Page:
Retailers hope for post holiday shopping spree
It’s clearly a busy day at Target when no carts are available in the front of the store.
That was the type of crowd shoppers were greeted with Tuesday as the rush to return and spend gift cards began.
“We opened at 7 a.m. expecting a long line of people waiting to return gifts, but it didn’t really pick up until later in the day,” executive manager of Target in Port Arthur, Shauntel Perreau, said. “There really aren’t as many people returning gifts as we expected,” she added.
Many of the nation’s retailers were ushering in the post-Christmas shopping season by slashing prices even more on holiday items and stocking up on fresh new merchandise.
“Most of the people today are just looking to take advantage of the post-holiday bargains,” Perreau said.
With a cart full of wrapping paper and Christmas decorations, Ricardo Mendoza, of San Marcos, paused before leaving Target to make sure his purchases rang up 50 percent off.
“I came to get some holiday stuff on sale,” said the visiting out of towner.
With the 2006 pre-Christmas season turning out to be challenging, the nation’s merchants are hoping that shoppers, armed with gift cards, will spend freely, snapping up discounted items as well as picking up full-priced merchandise, to boost business in December and in the fourth-quarter, after the 2006 pre-Christmas period fell short of expectations.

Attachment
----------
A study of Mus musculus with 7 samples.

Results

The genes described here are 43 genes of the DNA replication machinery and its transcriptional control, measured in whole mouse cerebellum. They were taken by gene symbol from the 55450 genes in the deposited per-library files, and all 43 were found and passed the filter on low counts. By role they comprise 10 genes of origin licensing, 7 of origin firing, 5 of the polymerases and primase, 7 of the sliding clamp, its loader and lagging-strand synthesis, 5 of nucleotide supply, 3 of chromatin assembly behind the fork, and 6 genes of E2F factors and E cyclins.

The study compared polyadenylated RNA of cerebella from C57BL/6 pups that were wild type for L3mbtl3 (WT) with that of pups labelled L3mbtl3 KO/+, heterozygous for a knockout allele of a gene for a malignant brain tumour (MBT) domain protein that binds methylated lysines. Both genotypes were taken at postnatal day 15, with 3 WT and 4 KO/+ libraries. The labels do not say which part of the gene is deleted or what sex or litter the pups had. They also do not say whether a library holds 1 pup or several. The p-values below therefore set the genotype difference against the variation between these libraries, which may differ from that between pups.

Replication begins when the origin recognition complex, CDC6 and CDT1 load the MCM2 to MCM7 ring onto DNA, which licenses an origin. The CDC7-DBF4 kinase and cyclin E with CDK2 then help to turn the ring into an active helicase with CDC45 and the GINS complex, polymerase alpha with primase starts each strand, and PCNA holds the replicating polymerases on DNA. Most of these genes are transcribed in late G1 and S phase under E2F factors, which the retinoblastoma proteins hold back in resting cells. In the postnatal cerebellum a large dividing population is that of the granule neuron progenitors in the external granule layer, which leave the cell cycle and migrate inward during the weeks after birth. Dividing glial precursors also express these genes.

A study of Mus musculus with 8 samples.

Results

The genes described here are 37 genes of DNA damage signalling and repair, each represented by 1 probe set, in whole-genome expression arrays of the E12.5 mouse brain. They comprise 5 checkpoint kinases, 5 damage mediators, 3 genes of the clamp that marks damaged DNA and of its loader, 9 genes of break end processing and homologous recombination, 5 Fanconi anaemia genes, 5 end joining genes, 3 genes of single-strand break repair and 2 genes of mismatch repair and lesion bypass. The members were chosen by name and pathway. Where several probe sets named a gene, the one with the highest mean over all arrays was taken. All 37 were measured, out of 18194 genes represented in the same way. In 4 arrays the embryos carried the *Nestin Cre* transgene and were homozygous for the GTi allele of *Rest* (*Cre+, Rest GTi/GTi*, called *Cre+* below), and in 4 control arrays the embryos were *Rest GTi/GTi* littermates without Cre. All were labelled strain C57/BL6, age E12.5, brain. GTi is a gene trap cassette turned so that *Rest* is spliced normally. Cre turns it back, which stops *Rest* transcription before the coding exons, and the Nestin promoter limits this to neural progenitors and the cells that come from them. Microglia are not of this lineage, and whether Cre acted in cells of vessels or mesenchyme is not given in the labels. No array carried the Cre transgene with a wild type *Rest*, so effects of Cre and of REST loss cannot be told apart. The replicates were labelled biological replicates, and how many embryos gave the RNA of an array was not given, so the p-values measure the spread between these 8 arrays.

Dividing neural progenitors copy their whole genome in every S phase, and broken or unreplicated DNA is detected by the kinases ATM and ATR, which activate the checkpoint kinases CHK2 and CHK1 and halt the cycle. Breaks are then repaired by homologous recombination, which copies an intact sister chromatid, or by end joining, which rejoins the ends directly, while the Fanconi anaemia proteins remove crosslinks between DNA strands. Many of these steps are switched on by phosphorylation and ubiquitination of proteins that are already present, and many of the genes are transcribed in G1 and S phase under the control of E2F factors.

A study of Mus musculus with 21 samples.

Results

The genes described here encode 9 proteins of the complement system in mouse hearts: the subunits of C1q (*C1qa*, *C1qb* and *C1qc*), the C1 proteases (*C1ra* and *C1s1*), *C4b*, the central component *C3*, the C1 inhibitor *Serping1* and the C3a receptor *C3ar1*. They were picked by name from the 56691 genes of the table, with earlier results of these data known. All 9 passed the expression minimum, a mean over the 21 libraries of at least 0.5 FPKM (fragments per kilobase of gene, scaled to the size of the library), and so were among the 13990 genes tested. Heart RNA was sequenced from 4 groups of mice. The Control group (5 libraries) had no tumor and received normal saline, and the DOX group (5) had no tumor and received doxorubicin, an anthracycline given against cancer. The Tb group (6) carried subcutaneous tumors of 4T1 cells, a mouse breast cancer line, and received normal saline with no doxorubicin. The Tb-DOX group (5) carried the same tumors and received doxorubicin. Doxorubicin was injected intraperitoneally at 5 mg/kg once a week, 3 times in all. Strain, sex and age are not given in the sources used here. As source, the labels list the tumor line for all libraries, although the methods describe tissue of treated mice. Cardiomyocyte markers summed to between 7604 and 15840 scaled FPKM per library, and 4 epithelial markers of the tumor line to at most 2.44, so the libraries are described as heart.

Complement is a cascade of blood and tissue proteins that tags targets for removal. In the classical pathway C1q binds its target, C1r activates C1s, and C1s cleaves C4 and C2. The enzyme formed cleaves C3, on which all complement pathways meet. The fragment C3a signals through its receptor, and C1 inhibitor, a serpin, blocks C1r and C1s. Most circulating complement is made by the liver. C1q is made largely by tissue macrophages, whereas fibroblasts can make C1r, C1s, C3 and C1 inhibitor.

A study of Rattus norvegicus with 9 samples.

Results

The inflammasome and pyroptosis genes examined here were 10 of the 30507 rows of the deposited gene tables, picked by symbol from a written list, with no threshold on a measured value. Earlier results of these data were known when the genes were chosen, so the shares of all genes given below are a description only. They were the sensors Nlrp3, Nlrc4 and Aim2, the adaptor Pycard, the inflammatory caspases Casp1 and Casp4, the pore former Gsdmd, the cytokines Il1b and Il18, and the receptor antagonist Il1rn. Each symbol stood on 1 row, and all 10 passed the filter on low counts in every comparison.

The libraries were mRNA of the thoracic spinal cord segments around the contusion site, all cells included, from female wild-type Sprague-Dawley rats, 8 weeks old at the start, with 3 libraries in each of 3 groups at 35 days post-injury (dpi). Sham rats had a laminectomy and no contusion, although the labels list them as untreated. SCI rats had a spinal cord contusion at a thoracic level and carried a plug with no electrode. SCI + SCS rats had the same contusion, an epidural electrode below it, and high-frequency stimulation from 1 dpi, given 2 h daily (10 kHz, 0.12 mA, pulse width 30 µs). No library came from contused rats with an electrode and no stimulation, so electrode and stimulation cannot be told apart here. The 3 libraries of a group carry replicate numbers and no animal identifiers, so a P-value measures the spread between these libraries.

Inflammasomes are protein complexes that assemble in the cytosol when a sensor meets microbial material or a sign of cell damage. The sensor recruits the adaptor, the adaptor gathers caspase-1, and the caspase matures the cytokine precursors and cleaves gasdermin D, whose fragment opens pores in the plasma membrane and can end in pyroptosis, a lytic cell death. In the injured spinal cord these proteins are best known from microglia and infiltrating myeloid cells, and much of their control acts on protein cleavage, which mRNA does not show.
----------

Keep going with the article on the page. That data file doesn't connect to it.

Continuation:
“I did get some gift cards, but I’ll probably save those for later,” Cynthia Smith of Austin said. “Today I’m looking for the big sales on toys to put away for birthdays,” she said.
After a stronger-than-expected turnout on Black Friday, the day after Thanksgiving, stores struggled through the first two weeks of December, but did get a late-buying sales surge in the final days of the pre-Christmas season, although it was not enough to meet holiday sales goals.
But retailers, who expect to bring in a sizable part of their holiday sales after Christmas, were hoping that bargain-hunters would save the season for them, as they have done in past years, and that consumers redeeming gift cards would also give them a sales pop.
“Lots of gift cards were sold, but it’s the spending of gift cards that makes the difference,” the Target manager said of the fact that gift card sales are only recorded on retailers’ balance sheet when cards are redeemed.
Marshal Cohen, chief analyst at NPD Group Inc., a market research company, blamed the increasing popularity of gift cards for “taking the impulse out of holiday shopping.”
Analysts were also debating whether the unimpressive season was a reflection of consumers having spent conservatively because they’re tapped out.
“Whether this suggests a (weakening) consumer or changes in buying patterns is difficult to gauge at the first brush,” said Dan Hess, founder and CEO of Merchant Forecast, a research company.
Wayne Best, senior vice president of business and economic analysis for Visa USA, said he believes the slowing housing market had more of a negative impact on holiday spending than analysts originally thought. A big source of spending in recent years has been from home equity refinancing, which allowed shoppers to extract cash from their inflating home values; refinancings have dropped sharply as interest rates have risen.
Port Arthur’s Target stated that, despite expectations, the hottest selling holiday items were gaming systems, digital cameras and the Baby Alive doll.
The Associated Press contributed to this story.